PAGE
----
Downtown · Evansdale · For The Students · Housing · Uncategorized · West Virginia University

WVU chooses to build more residence halls while many are in desperate need of updates

Two weeks ago on Morgantown Matters I looked at the unpleasant conditions many students face when living in older apartments and houses in the downtown area. But in some cases, students are experiencing adverse living conditions in the University’s own residence halls.

It seems as if WVU is choosing to use their money to build more properties rather than update the ones they already have.

Out of the 10 residence halls on campus (not including the International House), seven were constructed before 1970. The remaining three have been built since 2006, with Honors Hall located on the Downtown campus and Lincoln and the newly-finished Oakland Hall on Evansdale.

And while some of these older dorms don’t have as many problems, several are starting to see the effects of years of housing college students with minimal updates.

Rae Manning, a psychology major, lived in Dadisman Hall her freshman year, a popular choice for those students wishing to live downtown. Dadisman is also one of the oldest dorms on campus.


“Dadisman was really gross,” Manning says, “It often smelled like vomit and urine, especially after the weekend. And the spin cycle on some of the washing machines didn’t work, so my clothes would come out of the wash dripping wet. And then some of the dryers didn’t even have heat.”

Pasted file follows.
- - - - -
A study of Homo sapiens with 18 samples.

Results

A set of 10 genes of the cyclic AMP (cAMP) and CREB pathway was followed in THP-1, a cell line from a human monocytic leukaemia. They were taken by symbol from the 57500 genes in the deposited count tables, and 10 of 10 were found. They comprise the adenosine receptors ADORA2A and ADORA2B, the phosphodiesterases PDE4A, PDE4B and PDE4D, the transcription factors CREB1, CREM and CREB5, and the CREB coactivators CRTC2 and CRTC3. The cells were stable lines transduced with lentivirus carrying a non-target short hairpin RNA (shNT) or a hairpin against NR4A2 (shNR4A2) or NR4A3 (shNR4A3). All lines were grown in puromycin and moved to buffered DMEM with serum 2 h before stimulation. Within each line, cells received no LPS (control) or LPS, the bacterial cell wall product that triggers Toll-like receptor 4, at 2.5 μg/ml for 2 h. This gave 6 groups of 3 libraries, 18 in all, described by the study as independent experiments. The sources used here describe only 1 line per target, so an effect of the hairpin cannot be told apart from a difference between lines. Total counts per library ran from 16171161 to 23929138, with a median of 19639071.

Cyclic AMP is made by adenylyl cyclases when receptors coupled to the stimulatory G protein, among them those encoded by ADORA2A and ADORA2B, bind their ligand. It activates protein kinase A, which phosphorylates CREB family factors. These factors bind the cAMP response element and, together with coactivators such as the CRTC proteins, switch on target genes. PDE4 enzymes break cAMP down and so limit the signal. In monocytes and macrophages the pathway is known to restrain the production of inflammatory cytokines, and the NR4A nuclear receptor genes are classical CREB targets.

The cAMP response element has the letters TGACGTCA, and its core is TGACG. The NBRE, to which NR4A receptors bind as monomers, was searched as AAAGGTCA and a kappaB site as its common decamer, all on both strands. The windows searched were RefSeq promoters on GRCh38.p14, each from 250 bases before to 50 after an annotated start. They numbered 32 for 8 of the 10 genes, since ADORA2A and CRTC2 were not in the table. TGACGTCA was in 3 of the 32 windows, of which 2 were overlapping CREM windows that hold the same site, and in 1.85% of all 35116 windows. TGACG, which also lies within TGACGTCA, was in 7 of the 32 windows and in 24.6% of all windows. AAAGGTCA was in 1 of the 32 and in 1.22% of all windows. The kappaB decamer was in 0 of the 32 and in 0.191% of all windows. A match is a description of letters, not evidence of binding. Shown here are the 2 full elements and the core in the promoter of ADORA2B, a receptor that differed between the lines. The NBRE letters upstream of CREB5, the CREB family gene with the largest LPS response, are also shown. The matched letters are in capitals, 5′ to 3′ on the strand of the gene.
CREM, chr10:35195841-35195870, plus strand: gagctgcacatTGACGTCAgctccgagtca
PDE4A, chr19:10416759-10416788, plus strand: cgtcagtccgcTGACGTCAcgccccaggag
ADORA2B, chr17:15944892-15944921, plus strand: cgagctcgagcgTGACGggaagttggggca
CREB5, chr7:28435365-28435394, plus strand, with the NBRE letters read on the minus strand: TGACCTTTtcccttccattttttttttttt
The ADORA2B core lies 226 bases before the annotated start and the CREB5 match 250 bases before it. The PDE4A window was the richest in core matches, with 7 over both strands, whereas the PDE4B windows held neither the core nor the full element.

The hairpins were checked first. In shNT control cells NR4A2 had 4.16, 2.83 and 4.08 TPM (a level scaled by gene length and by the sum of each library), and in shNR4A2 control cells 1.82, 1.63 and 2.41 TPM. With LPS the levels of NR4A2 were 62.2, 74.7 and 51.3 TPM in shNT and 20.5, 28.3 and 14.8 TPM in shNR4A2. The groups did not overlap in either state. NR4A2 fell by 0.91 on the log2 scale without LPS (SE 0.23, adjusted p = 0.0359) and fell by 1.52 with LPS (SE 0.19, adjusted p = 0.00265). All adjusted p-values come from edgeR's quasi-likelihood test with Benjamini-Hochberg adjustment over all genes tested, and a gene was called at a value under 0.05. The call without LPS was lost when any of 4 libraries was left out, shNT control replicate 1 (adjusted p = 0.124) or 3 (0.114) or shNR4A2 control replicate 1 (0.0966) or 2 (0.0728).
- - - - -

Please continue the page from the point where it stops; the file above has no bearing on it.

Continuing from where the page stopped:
Manning says that everything was in need of an update, even the bathrooms.

“The toilets were old and small, and the shower walls were flimsy,” she says, “It just wasn’t a great environment to try and get ready in in the mornings.”

“There was no air conditioning, and the heat only had two settings–sweating or no heat at all. We had to keep one window open almost all through the winter to be comfortable,” Manning adds.

So with living conditions like these, why isn’t the University choosing to update current dorms rather than start from scratch and build new ones?

It’s mainly in part with their plan to expand across the board. They’ve completed countless projects in the four years I’ve been a student here–the art museum, Evansdale Crossing, U Place, the new Student Health and CPASS building, and several buildings on the Evansdale campus. They’re even working on updating the PRT. So why not just add a few more dorms in the mix too?

In an Student Housing Master Plan published in 2012, the University revealed plans to renovate Towers starting in 2016, but no other renovations are planned for the ten-year span. So unless something happens, no downtown campus dorms will be updated until after 2022.

Jenna Clements, a senior exercise physiology major, disagrees with the University’s plan.

“It’s a shame that they prioritize expanding the area while places with perfect locations on campus are rotting when just some routine maintenance would keep them in fine shape,” Clements says, “I absolutely believe they need to prioritize keeping up the dorms that are already here before continuing to expand.”

 

 


  1. I just want to say first, I read all of your group’s posts this week and they are all very good!

    Hearing some of the conditions these students had to live in really makes me upset, and I didn’t think about it at the time, but Boreman North wasn’t very great when I was there, either, especially in the warmer months with no AC. I bought like 7 fans. Also, I think it was last year when Stalnaker flooded and a pipe burst and a bunch of students’ belongings were ruined. For as much as it costs students, dorms should all be a lot more maintained and updated!! Love the final quote you used, and I hope the eyes of the University see it.